In the years following the attacks on the World Trade Center, newspapers and the Internet were abuzz with stories of hunting down terrorists, grieving the human losses in New York City and Washington, D.C., and rebuilding on the site in lower Manhattan.
In the post-Sept. 11 environment — and as a result of the Twin Towers’ collapse — buildings also came under scrutiny. In the call for increased safety, national agencies updated and ratified new model codes with renewed fervor. So when ground is actually broken on the Ground Zero site and construction begins anew, the new structure will be radically different than the Twin Towers. The architects and designers will have taken into account the fact that high-rises have become high-profile targets, and will have designed a building with new National Fire Prevention Association (NFPA) codes that address new situations and strategies in the 21st century.
If the tragedy at the World Trade Center taught building owners anything, it is that they need to prepare for complex evacuations.
In some instances, occupants might need to shelter in place until they can be rescued. In other instances, tenants will need to know when using the elevators is permissible and when it is not.
The latter consideration, according to Ron Cote, principal life safety engineer for NFPA, is one of the major changes to NFPA codes during the last decade. Consider Annex B to NFPA 101, Life Safety Code.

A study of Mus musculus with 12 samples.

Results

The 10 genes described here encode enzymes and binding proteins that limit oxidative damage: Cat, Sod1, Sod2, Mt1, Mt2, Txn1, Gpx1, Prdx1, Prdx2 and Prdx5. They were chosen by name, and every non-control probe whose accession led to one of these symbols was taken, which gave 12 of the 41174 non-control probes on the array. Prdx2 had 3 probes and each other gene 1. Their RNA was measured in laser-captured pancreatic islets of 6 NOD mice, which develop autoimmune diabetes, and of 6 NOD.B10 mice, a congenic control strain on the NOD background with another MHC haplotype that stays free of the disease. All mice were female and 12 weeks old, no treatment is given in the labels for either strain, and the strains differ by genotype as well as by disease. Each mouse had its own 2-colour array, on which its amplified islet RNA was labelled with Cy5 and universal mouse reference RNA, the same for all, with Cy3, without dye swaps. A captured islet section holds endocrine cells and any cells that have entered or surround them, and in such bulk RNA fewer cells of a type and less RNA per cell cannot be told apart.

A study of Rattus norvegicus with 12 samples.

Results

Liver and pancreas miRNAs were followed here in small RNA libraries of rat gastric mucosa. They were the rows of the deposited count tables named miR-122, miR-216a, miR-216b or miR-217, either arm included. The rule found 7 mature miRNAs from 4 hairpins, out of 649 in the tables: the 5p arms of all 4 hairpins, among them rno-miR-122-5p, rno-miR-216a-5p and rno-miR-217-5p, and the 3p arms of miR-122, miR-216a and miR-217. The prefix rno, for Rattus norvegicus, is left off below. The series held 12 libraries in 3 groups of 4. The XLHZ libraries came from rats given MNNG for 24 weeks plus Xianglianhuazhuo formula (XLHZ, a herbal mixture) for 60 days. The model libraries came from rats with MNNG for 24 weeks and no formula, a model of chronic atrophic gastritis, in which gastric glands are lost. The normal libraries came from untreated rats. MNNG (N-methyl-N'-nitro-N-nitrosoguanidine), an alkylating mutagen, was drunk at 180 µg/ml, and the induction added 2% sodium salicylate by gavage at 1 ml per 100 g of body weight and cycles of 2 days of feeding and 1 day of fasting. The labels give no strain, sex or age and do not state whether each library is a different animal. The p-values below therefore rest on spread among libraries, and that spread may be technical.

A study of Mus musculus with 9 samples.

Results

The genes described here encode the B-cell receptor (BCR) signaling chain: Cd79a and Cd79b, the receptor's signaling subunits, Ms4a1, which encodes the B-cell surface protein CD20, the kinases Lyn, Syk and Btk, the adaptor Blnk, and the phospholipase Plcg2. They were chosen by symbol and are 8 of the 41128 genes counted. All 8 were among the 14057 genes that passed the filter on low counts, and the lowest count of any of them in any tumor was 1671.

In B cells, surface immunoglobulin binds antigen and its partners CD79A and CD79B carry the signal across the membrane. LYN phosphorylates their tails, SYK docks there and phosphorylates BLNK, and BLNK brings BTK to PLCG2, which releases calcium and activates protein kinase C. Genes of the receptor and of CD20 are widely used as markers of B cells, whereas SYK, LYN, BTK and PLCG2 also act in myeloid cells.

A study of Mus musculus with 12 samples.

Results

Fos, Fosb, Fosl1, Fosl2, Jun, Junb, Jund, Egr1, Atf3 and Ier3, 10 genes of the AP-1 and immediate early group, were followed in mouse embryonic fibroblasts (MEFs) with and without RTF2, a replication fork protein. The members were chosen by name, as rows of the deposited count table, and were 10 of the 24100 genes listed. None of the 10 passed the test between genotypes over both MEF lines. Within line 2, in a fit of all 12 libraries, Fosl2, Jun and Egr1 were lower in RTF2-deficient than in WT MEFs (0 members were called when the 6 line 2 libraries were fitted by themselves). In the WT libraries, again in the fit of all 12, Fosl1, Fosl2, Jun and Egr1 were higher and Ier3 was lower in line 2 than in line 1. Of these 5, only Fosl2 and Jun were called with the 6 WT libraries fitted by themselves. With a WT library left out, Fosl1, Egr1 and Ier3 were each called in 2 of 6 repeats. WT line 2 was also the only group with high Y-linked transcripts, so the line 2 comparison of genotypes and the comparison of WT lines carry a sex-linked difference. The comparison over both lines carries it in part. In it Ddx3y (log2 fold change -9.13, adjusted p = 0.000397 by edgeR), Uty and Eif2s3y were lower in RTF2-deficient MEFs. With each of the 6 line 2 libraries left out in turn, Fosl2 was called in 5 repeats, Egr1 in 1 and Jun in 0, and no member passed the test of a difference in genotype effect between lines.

“Part of NFPA’s Annex B document is on the use of elevators for occupant evacuation,” he says. “By the time the fire department arrives, we hope occupants will have used elevators to evacuate.”
There are provisions in the codes to recognize the use of elevators as part of regular egress and evacuation, according to Jeff Harper, engineering manager and vice president at Rolf Jensen & Associates Inc.
This shift — towards increasing reliance on elevators as part of a building’s egress strategy — is a landmark change.
“One of the code changes requires installing an elevator that is hardened against fire and used on a regular basis,” Cote says. “The aim is to let elevators run longer into the fire, because they can speed egress.”
Elevator hoistways designed under current codes, however, are susceptible to damage during a fire. Water entry from a sprinkler system could potentially wreak havoc on sensitive drive equipment, cause cable slippage and create other problems.
“You want to avoid water contamination of the hoistway,” Harper says. “Imagine a bunch of sprinklers going off, and the excess water on the floor simply enters the hoistway. The code now specifies a curbed ramp to keep water from entering the hoistway.”
New codes also have provisions for avoiding smoke in elevator lobbies and hoistways.
One critical egress code change widens stairways, permitting more occupants to leave the building and more first responders to get into the building. Other changes require a stairwell to be accessible from the elevator lobby. Elevator lobbies must have smoke barriers, and one elevator must be hardened against smoke and fire infiltration — used for everyday traffic but also for egress by first responders.